When choosing which type of shaft to use in a linear bearing application, the two most important factors that contribute to bearing wear and life are the shaft’s surface finish and hardness.
Surface finish generally refers to the “roughness” of a surface, which is a measure of how much the surface topography varies from an ideal plane. Recirculating ball bearings operate best when paired with ground or polished shafts with a low roughness value. This is because a better surface finish actually increases the contact area between the shaft and the recirculating balls. A “rough” shaft surface, with a significant number of peaks and valleys, provides less contact area for the balls to ride on, whereas a smoother shaft surface provides more contact area for the load-carrying balls. Typical surface finish recommendations for shafts used with recirculating ball bearings are 6 to 10 microinch Ra.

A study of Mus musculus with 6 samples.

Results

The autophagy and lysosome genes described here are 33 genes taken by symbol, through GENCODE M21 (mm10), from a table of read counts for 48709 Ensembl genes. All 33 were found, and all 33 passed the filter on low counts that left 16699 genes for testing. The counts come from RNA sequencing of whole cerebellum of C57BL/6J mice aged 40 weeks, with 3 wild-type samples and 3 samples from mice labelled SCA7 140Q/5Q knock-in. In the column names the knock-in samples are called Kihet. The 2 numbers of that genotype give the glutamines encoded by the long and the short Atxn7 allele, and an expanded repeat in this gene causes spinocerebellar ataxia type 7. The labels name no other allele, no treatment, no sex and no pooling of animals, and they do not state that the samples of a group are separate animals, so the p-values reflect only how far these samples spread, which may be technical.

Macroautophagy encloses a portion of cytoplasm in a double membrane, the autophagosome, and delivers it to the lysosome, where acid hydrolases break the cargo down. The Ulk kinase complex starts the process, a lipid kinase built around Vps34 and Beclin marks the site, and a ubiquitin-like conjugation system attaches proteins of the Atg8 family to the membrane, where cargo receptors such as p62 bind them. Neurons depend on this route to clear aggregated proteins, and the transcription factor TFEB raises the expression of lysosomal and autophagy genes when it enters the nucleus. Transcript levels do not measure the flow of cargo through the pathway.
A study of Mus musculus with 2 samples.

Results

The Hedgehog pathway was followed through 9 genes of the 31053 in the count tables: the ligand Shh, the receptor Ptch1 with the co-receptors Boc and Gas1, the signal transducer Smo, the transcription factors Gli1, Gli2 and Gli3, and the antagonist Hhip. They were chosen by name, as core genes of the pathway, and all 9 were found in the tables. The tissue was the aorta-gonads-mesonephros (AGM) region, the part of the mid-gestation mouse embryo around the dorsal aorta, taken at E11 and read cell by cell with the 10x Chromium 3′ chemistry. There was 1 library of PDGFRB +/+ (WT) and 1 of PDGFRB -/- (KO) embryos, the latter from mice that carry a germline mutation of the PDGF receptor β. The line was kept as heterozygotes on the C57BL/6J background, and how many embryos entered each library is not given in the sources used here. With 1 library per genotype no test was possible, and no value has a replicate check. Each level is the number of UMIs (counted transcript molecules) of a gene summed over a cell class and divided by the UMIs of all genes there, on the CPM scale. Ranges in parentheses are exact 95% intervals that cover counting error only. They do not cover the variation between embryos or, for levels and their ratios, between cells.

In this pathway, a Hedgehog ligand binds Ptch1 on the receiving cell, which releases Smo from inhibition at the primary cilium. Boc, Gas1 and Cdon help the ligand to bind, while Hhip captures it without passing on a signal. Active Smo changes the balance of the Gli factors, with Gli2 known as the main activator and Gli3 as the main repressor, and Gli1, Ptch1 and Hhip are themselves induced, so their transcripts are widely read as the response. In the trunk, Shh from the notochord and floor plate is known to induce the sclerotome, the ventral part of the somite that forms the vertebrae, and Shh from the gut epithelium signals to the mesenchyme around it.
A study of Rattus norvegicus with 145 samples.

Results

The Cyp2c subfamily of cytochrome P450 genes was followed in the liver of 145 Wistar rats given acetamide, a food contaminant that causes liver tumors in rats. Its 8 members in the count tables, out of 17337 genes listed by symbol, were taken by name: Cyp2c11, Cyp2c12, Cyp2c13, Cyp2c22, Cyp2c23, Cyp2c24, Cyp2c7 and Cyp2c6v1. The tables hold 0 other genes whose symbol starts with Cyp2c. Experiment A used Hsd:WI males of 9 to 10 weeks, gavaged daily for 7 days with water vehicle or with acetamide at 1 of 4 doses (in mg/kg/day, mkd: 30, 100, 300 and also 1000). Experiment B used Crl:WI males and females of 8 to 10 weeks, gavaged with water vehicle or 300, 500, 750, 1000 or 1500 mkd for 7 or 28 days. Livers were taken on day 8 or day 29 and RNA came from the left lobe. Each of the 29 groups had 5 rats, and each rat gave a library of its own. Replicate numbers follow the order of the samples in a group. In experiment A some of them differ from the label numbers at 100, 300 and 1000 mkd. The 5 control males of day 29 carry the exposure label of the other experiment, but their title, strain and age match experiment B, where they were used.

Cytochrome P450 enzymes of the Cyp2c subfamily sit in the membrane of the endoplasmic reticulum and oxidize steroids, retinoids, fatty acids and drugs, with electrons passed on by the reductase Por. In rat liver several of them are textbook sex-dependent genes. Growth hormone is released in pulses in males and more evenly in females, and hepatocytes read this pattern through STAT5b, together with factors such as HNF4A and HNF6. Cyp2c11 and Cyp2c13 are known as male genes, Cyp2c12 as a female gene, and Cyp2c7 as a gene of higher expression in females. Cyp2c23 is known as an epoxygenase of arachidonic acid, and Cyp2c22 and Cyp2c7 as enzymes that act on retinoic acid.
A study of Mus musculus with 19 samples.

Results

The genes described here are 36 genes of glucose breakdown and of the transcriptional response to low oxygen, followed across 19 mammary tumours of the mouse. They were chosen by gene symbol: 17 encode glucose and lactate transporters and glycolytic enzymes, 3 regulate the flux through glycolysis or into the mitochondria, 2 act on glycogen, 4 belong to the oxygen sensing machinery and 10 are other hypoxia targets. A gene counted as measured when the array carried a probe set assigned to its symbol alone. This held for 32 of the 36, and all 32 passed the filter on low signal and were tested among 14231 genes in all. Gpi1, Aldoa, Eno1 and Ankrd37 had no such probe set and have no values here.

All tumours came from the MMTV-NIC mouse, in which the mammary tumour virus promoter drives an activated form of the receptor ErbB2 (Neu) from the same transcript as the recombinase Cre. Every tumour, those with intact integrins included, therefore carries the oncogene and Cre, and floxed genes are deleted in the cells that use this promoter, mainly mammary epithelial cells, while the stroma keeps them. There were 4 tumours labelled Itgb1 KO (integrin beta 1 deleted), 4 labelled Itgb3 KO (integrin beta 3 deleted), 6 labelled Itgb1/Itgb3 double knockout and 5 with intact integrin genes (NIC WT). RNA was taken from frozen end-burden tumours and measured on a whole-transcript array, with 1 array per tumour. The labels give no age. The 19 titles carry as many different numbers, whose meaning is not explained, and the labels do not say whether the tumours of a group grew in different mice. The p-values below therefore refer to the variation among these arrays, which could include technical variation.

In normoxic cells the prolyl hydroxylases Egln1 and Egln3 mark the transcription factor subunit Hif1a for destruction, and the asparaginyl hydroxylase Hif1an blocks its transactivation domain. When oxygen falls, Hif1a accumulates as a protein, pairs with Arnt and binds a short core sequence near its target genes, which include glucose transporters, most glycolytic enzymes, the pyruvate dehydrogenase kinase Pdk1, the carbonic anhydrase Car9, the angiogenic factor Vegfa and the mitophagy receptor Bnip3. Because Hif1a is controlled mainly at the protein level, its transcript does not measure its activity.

For plain linear bearings, however, a smoother shaft surface can actually lead to decreased life, due to the self-lubricating nature of most plain bearings. Plain bearings rely on features of shaft roughness — specifically, the “peaks” on the surface of the shaft — to transfer small amounts of the bearing material to the shaft. These dislodged bits of material fill in the valleys on the shaft surface and provide lubrication as the bearing travels back and forth. Without this lubrication, friction between the shaft and bearing will be higher, and the bearing’s PV rating will be reduced.
This is also true for plain bearings made of bronze, which must be lubricated externally. A slight roughness of the shaft surface helps the shaft retain lubricant and prevent metal-to-metal contact. But as with recirculating bearing shafts, a surface that is too rough can also cause extensive wear on the bearing and lead to premature failure. The suggested range of surface roughness values depends on the bearing material, but as an example, composite bearing manufacturers generally recommend a shaft surface roughness of 8 to 16 microinch Ra.